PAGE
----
The Effect of Redistricting on House Elections, Revisited

Oct 15 '12

The Cook Political Report has come out with its “PVI” numbers of each of the new districts, which are measures of district partisanship based on the presidential vote.  They use this measure to argue for an important redistricting effect this cycle in favor of Republicans.  David Wasserman has the details:

Unfortunately for Democrats, this year’s index tells a dire story of what can happen when a party suffers an ugly election cycle right before redistricting. Democrats…lost…more than 680 state legislative seats – empowering Republicans to draw ten-year maps in four times as many districts as Democrats. As a result, thanks to effective GOP cartography, the number of “strong” Republican seats has jumped from 182 to 190 and the number of “strong” Democratic seats has fallen from 150 to 146. Meanwhile, the number of “swing” seats has fallen below 100 for the first time, from 104 to 99. (emphasis in original)

The Cook report is a venerable organization whose analysis is rightly respected, and I have no doubt that their presidential vote numbers by district are the most accurate available.  But the notion of big redistricting effects this year is Zombie Politics, and the poor corpse should be put to rest.

First, contrary to the quote above, a party that aims to gain seats through redistricting wants fewer “strong” seats, not more.  Since one only needs 50%+1 votes to win (in a two-party race), every vote beyond that threshold is “wasted” in the sense that it could be used to bolster the party’s chances in some other district.  More strong seats means bigger winning margins, which means more wasted votes.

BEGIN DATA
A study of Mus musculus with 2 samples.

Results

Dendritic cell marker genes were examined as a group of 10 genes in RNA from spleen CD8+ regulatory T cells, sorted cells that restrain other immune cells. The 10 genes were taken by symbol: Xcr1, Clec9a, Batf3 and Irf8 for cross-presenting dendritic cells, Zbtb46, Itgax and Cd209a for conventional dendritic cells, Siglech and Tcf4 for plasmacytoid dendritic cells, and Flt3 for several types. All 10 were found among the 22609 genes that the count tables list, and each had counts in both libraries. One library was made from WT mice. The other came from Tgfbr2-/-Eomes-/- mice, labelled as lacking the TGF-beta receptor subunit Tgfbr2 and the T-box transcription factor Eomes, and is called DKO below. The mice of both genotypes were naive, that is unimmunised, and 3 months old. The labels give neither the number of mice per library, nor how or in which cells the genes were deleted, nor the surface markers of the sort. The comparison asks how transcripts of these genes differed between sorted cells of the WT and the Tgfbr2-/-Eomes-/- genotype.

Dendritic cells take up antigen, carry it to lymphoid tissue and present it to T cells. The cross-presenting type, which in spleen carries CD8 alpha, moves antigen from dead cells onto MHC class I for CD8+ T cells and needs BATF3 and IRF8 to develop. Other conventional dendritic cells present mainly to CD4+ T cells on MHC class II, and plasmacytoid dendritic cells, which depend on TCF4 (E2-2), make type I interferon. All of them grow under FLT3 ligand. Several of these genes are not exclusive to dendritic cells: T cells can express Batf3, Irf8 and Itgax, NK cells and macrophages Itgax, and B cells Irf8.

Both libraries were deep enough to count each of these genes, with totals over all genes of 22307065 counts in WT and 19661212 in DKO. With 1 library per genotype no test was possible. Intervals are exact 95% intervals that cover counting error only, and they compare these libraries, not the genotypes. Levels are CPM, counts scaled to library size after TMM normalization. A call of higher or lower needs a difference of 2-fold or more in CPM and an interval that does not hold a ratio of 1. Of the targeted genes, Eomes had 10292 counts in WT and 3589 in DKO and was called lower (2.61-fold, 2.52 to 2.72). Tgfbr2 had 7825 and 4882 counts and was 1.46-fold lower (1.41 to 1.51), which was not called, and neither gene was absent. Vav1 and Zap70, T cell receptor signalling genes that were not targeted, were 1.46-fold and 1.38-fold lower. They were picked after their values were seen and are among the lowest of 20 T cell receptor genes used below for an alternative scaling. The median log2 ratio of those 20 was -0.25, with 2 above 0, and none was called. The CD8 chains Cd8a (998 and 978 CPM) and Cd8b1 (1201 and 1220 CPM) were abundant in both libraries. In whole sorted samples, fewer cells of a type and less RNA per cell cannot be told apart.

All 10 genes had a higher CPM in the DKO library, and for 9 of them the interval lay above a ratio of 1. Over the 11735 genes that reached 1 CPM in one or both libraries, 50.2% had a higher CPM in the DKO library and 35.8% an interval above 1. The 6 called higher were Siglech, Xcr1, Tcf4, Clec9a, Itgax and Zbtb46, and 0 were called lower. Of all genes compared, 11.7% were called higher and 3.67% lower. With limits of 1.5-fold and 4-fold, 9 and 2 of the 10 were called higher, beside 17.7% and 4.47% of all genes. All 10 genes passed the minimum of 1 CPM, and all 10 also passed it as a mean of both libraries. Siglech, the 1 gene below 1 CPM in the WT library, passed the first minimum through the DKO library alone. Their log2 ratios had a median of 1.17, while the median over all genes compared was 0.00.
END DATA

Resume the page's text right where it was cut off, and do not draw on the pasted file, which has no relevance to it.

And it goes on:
Second, the idea that the 2010 elections dramatically increased Republican opportunities to gerrymander presumes they can actually control the process in the states they won.  This is not necessarily the case.  Here’s what we said on this subject a couple weeks ago:

[A] redistricting party doesn’t have free rein to do as it pleases.  Districts must be equal in population (the allowed deviation between districts is vanishingly small), the Voting Rights Act constrains activity in many states, and some states also have specific rules that limit the options.  (Along these lines, Florida voters recently imposed boundaries on what the legislature could draw, and Texas’s lines ended up being drawn by the courts.)  Moreover, a party’s desire for more districts can often conflict with its own incumbents’ desire for safe reelection.  And a redistricting party must work with the state it has, not the one it wants.  Republicans and Democrats may not live in close enough quarters to permit the sort of seat-maximizing gerrymander a party would otherwise want.

Finally, counting districts as Democratic or Republican using only the presidential vote assumes everyone who votes for Obama will vote Democratic for Congress, and ditto for Romney and the Republicans.  But even in today’s polarized environment, incumbency matters.  A moderately Democratic PVI with a Republican incumbent is probably a Republican win.  What happens when we pair redistricting with incumbency?  A close look at the Cook Report’s 25 incumbents most hurt by redistricting reveals that almost half of them (11) are Republicans.  And the Cook predictions for those races split evenly between the parties at 9 a piece, with the rest as toss-ups.

That’s why we feel the best approach incorporates both district partisanship and incumbency, and uses past election results as a guide for how important each is likely to be.  When we ran those numbers, we found redistricting was a wash.  We also found in the same analysis that Democrats would get a much more substantial seat gain if there were no incumbents running and all seats were open.  The structural advantage for Republicans this year stems from incumbency, not redistricting.